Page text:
Tulsa Shock Waive Marion Jones, Sign Olajuwon

SwishAppeal.com, Nate Parham
http://www.swishappeal.com/2011/7/21/2287498/tulsa-shock-waive-marion-jones-sign-abi-olajuwon

Signing former 6'4" Oklahoma University center Abi Olajuwon is more than a cynical ploy to boost attendance for the Tulsa Shock.

Losing centers Chante Black (injury) and Nicole Ohlde (retirement) this off-season was a huge blow to their post rotation, even with the additions of Liz Cambage and Kayla Pedersen. Black was a better rebounder than anyone on the current roster, leaving them last in the league in rebounding percentage albeit slightly better than last year.

Olajuwon didn't get much playing time with the Chicago Sky in her rookie season last year, but that's exactly how she can be expected to help. Although her solid offensive rebounding percentage from last season is hard to make much of because she played so sparingly, strong rebounding percentages are something that translate well from college to pro so that bodes well for her. It just gives the Shock one more option to work with in the post and, yes, a potential hometown draw.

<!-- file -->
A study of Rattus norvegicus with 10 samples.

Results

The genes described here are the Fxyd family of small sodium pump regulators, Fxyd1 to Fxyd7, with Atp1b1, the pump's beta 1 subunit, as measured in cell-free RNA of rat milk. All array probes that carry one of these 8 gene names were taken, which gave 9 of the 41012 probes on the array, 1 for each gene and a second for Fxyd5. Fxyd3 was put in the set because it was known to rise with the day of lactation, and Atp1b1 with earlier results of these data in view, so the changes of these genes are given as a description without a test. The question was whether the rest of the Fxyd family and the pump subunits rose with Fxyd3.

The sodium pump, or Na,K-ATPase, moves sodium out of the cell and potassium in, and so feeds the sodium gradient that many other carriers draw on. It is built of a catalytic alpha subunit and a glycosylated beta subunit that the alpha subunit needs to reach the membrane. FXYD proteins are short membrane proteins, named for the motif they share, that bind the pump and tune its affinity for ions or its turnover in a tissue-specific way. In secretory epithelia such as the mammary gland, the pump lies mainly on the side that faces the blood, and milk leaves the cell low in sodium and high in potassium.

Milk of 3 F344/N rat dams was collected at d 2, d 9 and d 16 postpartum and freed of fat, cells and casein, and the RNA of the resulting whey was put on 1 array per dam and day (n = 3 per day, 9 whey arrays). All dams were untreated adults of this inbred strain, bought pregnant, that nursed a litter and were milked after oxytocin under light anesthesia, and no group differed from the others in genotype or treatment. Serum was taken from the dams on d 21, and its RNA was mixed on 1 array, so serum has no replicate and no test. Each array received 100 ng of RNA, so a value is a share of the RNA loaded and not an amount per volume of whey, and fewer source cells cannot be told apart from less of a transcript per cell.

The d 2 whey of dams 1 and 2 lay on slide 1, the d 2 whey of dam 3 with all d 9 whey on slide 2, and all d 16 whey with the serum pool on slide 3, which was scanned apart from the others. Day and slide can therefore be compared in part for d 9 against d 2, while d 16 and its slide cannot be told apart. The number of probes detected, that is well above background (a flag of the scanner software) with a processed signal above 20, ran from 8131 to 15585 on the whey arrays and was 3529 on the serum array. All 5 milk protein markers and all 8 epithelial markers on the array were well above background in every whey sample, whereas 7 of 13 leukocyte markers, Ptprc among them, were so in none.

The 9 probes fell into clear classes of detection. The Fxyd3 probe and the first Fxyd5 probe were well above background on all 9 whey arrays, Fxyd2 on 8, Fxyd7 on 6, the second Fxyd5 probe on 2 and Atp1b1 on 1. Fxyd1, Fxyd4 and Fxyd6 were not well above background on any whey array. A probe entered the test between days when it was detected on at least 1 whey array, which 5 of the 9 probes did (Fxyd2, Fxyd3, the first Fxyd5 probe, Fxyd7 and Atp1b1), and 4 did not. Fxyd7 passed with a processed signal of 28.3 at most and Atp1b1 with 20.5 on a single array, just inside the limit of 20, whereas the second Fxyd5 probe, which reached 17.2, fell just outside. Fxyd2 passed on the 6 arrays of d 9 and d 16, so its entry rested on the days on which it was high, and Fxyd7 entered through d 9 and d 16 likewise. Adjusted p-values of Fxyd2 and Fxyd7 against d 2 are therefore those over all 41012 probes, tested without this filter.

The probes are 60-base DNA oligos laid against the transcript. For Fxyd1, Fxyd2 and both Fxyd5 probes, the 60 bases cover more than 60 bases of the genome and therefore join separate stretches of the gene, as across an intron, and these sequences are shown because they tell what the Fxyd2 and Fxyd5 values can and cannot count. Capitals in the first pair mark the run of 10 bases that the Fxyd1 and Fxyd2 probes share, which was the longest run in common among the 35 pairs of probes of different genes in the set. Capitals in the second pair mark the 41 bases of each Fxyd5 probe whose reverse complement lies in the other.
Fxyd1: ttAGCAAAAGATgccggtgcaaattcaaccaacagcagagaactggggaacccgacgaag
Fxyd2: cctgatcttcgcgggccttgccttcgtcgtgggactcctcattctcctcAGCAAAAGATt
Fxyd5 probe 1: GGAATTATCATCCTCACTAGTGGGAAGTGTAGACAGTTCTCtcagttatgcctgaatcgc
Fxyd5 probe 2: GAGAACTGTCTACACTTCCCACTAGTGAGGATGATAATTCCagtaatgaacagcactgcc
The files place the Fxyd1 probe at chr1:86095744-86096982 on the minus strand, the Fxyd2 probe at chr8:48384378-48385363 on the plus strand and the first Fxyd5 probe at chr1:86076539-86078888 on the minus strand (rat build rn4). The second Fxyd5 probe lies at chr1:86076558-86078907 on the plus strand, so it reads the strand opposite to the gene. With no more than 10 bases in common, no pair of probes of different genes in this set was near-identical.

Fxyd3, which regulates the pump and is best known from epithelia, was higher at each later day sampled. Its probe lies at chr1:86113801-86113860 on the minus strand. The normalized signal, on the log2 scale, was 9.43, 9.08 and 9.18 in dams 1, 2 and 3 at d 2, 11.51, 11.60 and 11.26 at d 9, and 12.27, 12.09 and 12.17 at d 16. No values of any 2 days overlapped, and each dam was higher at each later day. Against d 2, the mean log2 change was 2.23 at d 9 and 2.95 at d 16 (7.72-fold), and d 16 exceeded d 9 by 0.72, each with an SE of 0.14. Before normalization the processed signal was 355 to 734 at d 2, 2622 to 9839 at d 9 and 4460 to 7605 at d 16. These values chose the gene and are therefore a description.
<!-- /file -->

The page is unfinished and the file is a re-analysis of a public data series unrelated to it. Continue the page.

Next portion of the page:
Of course, signing Olajuwon to their 11-player roster requires waiving someone as well and the Shock did that, waiving guard Marion Jones.

Star-divide

Waiving Jones makes sense statistically as she is the lowest rated Shock player this season by almost any metric. She began the 2011 season with one of the longest streaks of consecutive missed shots in league history. Obviously, there are fans who will look at that and snicker as they expected (and maybe even hoped) Jones to fail as nothing but a cheap gimmick for the WNBA.

But stats aren't everything either.

Any basketball fan can notice and appreciate what Jones' defense and speed meant to the Shock last season within former coach Nolan Richardson's schemes. Nobody could say that Jones didn't give everything she had as a player on and off the court. And by all accounts she was well-liked as one of the elder stateswomen in the Shock locker room.

So if we cast aside our preconceived notions about her, it's not at all a stretch to say that she wasn't nearly as bad as most people expected and wasn't nearly the worst player in the league (as some tried to claim) in her rookie year.

Ultimately, she was just another ball player who was released in favor of another player that might better fill the team's needs.